On the eve of its popular San Fermin festival, Pamplona has everything ready for the enjoyment and excitement of some 200,000 locals plus thousands attracted from all parts of Spain and all over the world.
Sunday at noon the “chupinazo” rocket will blast off from the central balcony of city hall to mark the beginning of the festival, which will continue until July 14.
The best-known event each morning is the running of the bulls through the streets of Pamplona, with the participation of locals and foreigners who run as close to the animals’ deadly horns as they dare.
The tense and adrenaline-fueled runs are dangerous because some people take part in them after all-night drinking binges, which make them reckless and more likely to get too close to animals that weigh in excess of 500 kilos (1,100 pounds).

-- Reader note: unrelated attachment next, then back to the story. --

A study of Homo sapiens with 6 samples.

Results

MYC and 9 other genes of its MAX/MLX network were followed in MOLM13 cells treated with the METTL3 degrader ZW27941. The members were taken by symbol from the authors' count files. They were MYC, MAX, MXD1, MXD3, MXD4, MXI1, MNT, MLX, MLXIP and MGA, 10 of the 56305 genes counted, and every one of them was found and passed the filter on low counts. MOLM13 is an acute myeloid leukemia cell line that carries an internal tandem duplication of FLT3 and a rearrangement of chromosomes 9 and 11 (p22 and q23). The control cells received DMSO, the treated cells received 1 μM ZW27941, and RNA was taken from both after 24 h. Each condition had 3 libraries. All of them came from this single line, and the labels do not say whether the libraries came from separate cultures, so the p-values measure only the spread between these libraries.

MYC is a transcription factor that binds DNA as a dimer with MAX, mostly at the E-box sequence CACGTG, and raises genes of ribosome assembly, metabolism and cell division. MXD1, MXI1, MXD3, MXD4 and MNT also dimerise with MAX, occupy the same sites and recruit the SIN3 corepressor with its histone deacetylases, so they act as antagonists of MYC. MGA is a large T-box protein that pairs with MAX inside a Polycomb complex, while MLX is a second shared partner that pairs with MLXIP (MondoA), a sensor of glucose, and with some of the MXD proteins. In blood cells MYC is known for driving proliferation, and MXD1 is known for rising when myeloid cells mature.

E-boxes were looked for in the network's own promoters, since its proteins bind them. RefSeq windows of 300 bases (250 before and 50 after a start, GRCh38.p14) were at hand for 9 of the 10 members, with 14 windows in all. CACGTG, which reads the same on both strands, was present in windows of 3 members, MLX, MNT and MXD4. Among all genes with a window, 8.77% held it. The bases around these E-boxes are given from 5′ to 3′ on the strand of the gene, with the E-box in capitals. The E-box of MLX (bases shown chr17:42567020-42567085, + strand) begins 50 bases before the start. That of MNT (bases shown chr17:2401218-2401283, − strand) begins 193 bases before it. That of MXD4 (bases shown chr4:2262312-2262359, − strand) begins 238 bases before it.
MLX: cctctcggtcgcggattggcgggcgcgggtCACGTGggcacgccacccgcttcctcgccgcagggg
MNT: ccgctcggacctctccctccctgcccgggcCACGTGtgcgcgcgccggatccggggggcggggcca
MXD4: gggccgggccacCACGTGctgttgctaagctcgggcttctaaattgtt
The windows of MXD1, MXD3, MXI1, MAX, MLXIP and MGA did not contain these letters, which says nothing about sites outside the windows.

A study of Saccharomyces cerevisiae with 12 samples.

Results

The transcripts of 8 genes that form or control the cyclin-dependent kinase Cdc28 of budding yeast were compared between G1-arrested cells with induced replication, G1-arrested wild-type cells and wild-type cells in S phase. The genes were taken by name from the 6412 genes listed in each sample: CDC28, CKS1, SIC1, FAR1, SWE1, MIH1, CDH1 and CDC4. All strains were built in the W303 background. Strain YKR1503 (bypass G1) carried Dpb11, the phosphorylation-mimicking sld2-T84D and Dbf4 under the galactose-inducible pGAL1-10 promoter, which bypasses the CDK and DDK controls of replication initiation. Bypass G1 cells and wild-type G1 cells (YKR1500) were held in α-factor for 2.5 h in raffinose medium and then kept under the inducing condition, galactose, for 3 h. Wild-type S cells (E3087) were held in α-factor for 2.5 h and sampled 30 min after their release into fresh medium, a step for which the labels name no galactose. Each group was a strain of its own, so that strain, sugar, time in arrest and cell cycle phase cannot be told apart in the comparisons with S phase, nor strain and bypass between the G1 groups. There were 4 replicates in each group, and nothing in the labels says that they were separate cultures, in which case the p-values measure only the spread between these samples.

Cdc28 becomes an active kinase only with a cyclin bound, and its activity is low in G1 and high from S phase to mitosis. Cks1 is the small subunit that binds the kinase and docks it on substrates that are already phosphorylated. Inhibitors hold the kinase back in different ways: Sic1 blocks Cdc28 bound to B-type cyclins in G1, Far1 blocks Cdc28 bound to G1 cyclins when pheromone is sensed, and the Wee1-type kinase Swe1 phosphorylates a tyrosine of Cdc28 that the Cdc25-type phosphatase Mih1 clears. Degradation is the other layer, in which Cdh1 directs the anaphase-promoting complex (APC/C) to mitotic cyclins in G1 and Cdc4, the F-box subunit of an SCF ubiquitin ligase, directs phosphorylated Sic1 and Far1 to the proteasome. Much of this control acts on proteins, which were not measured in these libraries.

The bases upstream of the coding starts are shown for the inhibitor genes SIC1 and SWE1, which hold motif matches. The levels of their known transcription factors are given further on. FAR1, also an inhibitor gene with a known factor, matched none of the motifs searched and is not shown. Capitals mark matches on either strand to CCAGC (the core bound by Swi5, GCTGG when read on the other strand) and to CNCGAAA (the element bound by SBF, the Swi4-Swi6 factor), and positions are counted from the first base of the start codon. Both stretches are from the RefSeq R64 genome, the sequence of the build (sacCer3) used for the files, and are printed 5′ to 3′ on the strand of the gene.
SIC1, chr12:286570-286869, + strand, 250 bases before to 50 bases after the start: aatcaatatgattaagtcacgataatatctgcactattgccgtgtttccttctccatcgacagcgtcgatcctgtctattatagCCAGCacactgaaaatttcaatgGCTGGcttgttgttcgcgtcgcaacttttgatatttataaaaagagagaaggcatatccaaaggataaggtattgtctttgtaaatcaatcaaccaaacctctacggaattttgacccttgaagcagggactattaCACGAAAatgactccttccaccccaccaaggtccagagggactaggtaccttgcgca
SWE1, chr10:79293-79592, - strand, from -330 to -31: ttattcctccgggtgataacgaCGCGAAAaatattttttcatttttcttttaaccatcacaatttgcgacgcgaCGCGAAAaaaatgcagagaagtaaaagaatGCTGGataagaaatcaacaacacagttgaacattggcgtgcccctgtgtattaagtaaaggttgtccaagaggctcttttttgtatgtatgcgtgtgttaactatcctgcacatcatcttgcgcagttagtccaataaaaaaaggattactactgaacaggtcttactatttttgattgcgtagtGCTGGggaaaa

The bulls are run to the Pamplona bullring where in the afternoon they will face the bullfighters.
The San Fermin festival as it is known today began in the year 1590, not lasting as long as it does now but even then it mixed revelry with religion as it does today.
Its precursors go back to the 12th century, when medieval Pamplona celebrated commercial fairs at the beginning of summer.
The festival is in honor of St. Fermin, the first bishop of Pamplona, decapitated in the 3rd century in Amiens, France. The event has featured bullfights since the 14th century.
The typical white and red dress of the festival brightens the city for eight days, and even people from elsewhere in the world wear it.
City hall has made a study according to which visitors who come to Pamplona for San Fermin spend an average of 110 euros (some $150) a day.
The average visitor to the festivities comes by car for three days and, in the majority of cases, remains two days in Pamplona and spends a third of the time on an excursion around the area.
Though it’s basically about the bulls, the San Fermin festival this year will offer 443 events, approximately one every half-hour, programmed by the Pamplona city hall, which invests close to 1 million euros ($1.36 million) in the festival.
The 400-year-old festival was popularized by Ernest Hemingway in his 1926 novel “The Sun Also Rises.”